This post is part of a series on reading women 2019 hosted by Lonely Cryptid Media’s Narrative Designer, Dan Michael Fielding.
In the Fullness of Time is a book about time travel–sort of. It’s also a book about detective work–sort of. It’s also about family, and technology, and generational trauma, and romance–sort of.
Are you beginning to sense a theme?
The edition of In the Fullness of Time I read was an audiobook narrated by Marguerite Gavin. I haven’t listened to many audiobooks, but this was a pleasant experience. Gavin does wonderful voice work that adds depth and breadth to Wilhelm’s characters. The way she speaks also adds a lot of drama to what could have otherwise been an unfortunately flat book.
I mentioned in the local author challenge prompt that I’ve read a few books by Wilhelm before. My favorite from her is Where Late the Sweet Birds Sang, a post-apocalyptic exploration of cloning, family, and identity. I could see a lot of similar themes that she explores in Sweet Birds coming out in In the Fullness as well. Wilhelm seemed to enjoy thinking through generational family trauma, and I only wish she would have explored those aspects in more depth.
In the Fullness is a novella, so it was never going to have a complete exploration of all the themes it brings up. But I still found myself a little disappointed by the level of attention paid to the most interesting parts of the story.
Take, for example, Wilhelm’s excellent ability to set the tone of the scene. Several times throughout the book she uses descriptions of the weather to set the tone of conversations the characters are having with one another. Storms brew, clouds overwhelm, sun shines…all of this emphasizes the internal emotions of her characters. Which is excellent! But when it comes to the climax of her story we get none of this description. The climax happens off screen and is related to the point of view character later.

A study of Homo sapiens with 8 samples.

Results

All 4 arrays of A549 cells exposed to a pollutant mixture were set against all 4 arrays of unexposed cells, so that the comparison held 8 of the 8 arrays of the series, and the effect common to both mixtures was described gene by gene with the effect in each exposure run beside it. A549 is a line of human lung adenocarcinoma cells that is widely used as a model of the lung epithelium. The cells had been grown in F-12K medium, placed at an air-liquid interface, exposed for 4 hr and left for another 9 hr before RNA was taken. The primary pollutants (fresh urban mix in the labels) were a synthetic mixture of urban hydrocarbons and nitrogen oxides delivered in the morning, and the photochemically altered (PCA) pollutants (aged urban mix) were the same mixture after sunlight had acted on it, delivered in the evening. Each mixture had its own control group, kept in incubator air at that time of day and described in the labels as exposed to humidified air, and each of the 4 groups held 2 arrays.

I was also disappointed with her exploration of the main conflict of the story: all the time travel. She has a very interesting premise going with the idea of inheritable time travel, and all the problems that would come about mentally, physically, emotionally, and relationally if you can’t control it, but these problems aren’t really explored fully. The reader knows enough to know something has to be done about it, but not quite enough to understand the full consequences.
Everything in the book is only sort of dealt with. And it isn’t as though she didn’t have the space to think through more of the themes. There’s an entire B-plot with the narrator and her on-again-off-again boyfriend that could have been dropped without changing any of the plot or character development. That space would have been better used to explore some of the relationships between other characters, or to think through the consequences of time travel.
Overall, I think Sweet Birds still holds its place as my favorite Wilhelm book. I don’t regret reading In the Fullness, I just wish she’d done a bit more with the premise she set up.
Which local author did you read for this challenge? Did you discover anyone new, or perhaps revisit an old favorite author?